One of the reasons this house was perfect for us was because it had the potential for an in law or income suite and my father would be moving up to join us on this big PNW adventure. And by “potential,” I mean there was a separate entrance to the lower level and a bathroom. This part of the house was like a time capsule that hadn’t been touched since 1970, which I actually appreciated because it offered a sort of blank canvas that is easier to work with – you’re not fighting through layers of poorly done updates. We knew we had to create a bedroom, living room, kitchenette, bathroom . . . at least it had walls (which is more than we could say about the other half of the lower level).
The scariest part was probably the “finishing room.” I looked up what that meant after reading it on the blueprints because it was being used as a hoarding space, complete with closets, and hidden compartments in a drop ceiling. I still have no freaking clue what a finishing room is supposed to be in the context of a residential house, but for us, it would be my dad’s bedroom.
You know what feels amazing as a minimalist? Demo. It’s so fun to destroy shit and throw it off the deck and it’s extra fun when it’s not your shit. But someone else’s junk that they generously (sarcasm) left behind? Downright therapeutic.
After the space was cleared, we found and a giant cut out hole that created a passage under the stairs to the other side of the lower level. The kids threatened mutiny if we closed it (A SECRET PASSAGE!!!) but Baba (my dad) insisted so it was the last thing we finished to give the kids ample time to explore the magic of the discovery.
Admire for a moment with me the concrete floors, paneled walls. drop ceiling, random holes and extra door.
Here’s the bathroom. Ew.
You guys, working full time and being a super husband and daddy AND renovating a house you’re living in is no joke. Being the supportive wife and fixer upper partner in crime that I am I took a photo when he fell asleep on the bathroom floor at 2 o’clock in the morning. Swedish – American plumbing conversion . . . zzzzzz….
Before I show the after photos for the suite, I need to include the disclaimer that this is my dad’s space, meaning I got to design the permanent fixtures of the space but everything in it is my dad’s. He has a much darker and redder aesthetic than I do and I didn’t want to fuss with his home to take the photos so you are peeking into his home exactly as he prefers it.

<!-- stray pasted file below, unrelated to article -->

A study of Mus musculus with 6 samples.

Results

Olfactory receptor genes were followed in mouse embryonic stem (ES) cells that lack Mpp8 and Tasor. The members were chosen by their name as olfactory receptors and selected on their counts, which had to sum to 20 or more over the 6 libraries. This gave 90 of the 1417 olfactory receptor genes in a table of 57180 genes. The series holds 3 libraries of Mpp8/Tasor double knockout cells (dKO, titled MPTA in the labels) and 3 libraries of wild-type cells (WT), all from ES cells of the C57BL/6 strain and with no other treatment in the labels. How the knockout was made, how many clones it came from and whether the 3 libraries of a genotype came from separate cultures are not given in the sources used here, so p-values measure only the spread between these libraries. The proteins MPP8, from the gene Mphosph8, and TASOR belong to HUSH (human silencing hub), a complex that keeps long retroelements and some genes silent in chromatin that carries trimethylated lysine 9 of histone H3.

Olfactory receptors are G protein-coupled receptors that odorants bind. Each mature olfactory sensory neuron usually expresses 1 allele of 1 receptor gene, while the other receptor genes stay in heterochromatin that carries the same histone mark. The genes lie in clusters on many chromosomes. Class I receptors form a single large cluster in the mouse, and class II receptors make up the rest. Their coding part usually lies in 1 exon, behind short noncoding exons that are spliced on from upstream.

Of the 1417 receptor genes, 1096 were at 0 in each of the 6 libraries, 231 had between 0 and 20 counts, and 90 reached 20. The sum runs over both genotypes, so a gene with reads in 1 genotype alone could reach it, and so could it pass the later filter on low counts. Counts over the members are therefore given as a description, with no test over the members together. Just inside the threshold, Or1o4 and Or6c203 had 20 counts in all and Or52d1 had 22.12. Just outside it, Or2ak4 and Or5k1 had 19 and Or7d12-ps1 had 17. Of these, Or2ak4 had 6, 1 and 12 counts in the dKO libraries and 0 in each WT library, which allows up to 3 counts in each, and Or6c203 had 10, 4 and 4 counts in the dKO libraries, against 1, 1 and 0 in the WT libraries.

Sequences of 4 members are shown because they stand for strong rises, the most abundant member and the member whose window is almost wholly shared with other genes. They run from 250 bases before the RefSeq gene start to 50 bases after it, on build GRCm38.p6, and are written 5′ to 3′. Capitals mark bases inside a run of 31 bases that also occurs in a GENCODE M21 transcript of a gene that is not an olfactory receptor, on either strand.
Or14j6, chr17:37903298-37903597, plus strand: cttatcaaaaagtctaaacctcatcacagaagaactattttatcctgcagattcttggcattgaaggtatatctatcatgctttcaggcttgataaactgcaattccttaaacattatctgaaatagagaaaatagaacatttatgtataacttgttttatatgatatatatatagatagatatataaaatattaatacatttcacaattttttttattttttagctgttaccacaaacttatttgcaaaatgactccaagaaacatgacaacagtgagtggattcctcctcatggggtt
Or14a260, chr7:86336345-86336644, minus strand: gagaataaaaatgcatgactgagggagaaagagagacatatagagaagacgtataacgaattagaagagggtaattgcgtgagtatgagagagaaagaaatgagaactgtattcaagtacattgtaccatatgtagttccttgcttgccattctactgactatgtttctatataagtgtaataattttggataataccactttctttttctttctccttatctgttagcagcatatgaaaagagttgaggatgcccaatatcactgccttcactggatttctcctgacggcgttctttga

We carried the features of the upstairs bathrooms down to this third bathroom for consistency.
We carried the driftwood floors and warm light gray walls from upstairs down into the suite. The wood ceilings on the lower level are my favorite.
For the kitchenette we carried down the same cabinetry and hardware from upstairs but installed a butcher block counter and added a matching island on wheels.
His living room is the perfect little space for him to kick back and watch his shows.
We even removed those weird outdated built in cabinets and drawers.
The bedroom was probably the biggest transformation and is actually the largest bedroom in the house. We insulated and drywalled everything and closed off an extra doorway but the ceiling was actually the most work in this room as we framed and dry walled duct work and removed the weird drop ceiling. Instead of leaving the beautiful exposed high wood ceiling, my dad requested that we frame, insulate, and drywall the ceiling for sound proofing. We were happy to oblige to make the space peaceful for him. Apparently having 3 kids run rampant all day and into the night above your bed generates noise . . . go figure.
This self contained suite also has an interior locking door that enters into our shared jack-and-jill laundry room. Perfect setup, right?
Next up, the Master Bedroom and Bathroom.
You can also tour the bathrooms, great room, and kitchen, and rec room.